Buckingham Notables: James Wiley Bledsoe

SRR_James Wiley Bledsoe

 Rev. James Wiley Bledsoe (1841-1928)

Buried Hollywood Cemetery, Richmond – Photo Courtesy Find-a-Grave

Buckingham County’s Humanity Hall Academy had many distinguished alumni, including Methodist minister James Wiley Bledsoe. The following biography appeared in Sketches and Portraits of the Virginia Conference, Methodist Episcopal Church, South by Rev. John James Lafferty.

James Wiley Bledsoe was born in Fluvanna county, Virginia, April 6, 1841. He was educated at Humanity Hall Academy, in Buckingham county, and at Emory and Henry College, from which institution he received the degree of Master of Arts. His father was a prominent and successful farmer, holding an official relation to the Methodist Church for a number of years previous to his death. His mother was a daughter of the late Rev. John Goodman, a local Methodist preacher of Fluvanna. She was a devotedly-pious Methodist woman. Under the wholesome training of these intelligent and pious Christian parents, he was led to accept Christ in early life, and joined the Methodist Church. At the beginning of the late war he took an active part in raising an artillery company in his native county, was chosen second officer, and, with the company, left for the field in the early part of the struggle. Mr. Bledsoe’s health was greatly impaired by the exposure and hardships of camp life. He, however, remained connected with the army until the surrender. The war being over, he returned to his home in Fluvanna, and commenced the study of law. He was united in marriage with Miss Fannie D. Anderson, daughter of Mr. James W. Anderson, of Lynchburg, Virginia, a lady of genuine Christian character and a member of the Methodist Church.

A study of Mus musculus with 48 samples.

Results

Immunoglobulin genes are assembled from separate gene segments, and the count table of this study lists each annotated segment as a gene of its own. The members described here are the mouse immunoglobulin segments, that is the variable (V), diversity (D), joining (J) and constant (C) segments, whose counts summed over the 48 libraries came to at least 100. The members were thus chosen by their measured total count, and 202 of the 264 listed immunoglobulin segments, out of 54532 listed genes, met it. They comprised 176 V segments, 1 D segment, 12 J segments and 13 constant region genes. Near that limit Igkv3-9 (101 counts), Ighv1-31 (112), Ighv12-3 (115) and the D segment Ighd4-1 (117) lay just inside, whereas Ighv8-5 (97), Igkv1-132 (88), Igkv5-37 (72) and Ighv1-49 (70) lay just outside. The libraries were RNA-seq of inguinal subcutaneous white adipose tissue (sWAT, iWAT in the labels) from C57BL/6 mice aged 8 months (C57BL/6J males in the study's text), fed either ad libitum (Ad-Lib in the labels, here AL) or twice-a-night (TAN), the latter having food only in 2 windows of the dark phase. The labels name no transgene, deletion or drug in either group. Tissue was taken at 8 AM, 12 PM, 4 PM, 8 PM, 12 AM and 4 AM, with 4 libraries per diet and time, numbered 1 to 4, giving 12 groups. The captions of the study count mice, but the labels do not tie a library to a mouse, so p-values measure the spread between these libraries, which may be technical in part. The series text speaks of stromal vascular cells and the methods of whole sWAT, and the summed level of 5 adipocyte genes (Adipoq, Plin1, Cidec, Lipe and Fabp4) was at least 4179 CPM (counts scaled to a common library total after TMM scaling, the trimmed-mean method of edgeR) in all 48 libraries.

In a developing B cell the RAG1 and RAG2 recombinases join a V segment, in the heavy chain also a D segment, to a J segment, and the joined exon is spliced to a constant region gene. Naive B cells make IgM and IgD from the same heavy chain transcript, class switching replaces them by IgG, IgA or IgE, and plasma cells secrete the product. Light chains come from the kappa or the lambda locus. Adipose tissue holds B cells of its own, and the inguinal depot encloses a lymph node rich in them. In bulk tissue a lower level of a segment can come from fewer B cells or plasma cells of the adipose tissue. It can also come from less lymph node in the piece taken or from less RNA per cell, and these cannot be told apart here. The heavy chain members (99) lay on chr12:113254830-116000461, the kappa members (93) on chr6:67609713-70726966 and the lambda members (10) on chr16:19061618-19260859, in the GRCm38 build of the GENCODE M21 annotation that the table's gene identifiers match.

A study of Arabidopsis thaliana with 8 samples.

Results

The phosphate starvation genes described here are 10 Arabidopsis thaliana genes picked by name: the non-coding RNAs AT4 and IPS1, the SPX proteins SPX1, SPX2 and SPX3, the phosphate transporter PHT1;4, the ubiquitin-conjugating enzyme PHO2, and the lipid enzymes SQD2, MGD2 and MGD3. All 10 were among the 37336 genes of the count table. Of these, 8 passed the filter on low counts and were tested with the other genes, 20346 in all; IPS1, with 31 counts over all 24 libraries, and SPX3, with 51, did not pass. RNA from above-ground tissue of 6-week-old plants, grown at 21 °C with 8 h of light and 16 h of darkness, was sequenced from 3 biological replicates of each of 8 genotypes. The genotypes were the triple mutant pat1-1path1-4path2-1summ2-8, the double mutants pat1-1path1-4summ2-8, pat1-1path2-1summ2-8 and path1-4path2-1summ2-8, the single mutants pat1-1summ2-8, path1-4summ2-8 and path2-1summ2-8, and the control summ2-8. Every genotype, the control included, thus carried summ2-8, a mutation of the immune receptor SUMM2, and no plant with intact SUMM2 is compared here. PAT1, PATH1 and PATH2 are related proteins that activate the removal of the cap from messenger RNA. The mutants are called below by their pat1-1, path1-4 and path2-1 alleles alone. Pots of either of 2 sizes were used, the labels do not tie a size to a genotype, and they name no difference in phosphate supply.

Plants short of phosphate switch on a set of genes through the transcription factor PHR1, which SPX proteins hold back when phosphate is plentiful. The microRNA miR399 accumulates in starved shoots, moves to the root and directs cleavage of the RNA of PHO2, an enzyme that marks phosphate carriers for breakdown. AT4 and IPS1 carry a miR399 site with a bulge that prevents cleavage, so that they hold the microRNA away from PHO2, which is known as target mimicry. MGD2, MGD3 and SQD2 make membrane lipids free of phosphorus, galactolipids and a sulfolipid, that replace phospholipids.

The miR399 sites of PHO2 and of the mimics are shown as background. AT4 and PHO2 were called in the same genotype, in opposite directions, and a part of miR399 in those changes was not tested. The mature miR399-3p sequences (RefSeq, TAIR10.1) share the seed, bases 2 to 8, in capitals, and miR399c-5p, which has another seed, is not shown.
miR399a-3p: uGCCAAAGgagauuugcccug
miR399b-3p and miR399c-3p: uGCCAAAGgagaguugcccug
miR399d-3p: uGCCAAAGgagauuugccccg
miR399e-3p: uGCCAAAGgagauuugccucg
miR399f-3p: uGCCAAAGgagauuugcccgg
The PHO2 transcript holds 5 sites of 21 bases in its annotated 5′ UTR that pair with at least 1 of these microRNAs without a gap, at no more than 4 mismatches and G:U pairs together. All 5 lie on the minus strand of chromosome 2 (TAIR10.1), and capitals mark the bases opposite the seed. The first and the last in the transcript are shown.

To learn more about Humanity Hall Academy, its teachers and students, see “At a Place Called Buckingham” – Volume Two.


Leave a Comment
  1. Nancy / Mar 30 2015 6:35 am

    Joanne, I’m still reading Vol I, and very much enjoying it, But would like to comment on the Buckingham Court House fire. Once when my mother and I went to the Buckingham Court House to look up her Hackett/Word family, Malcolm Booker who worked in the Clerks Office, told us how the Court House burned. He said there was going to be a trial and that the evidence was in the court house, thence the fire was started to remove the evidence. To us that seems the most likely reason for the fire. But what a shame, as we are without records to trace our genealogy.

    What do you think ever became of Rev. Willliam Peasley’s register? What did they do with they registers in those days? Wonder if we could find any of his family for that answer.


    • Joanne Yeck / Mar 30 2015 1:33 pm

      Nancy, Malcolm Booker’s story of how Buckingham County’s courthouse burned could very well be true. As to Rev. Peasley’s register, it has not surfaced. Given how long it has been since his death, it is likely lost to fire, flood, or the trash pile.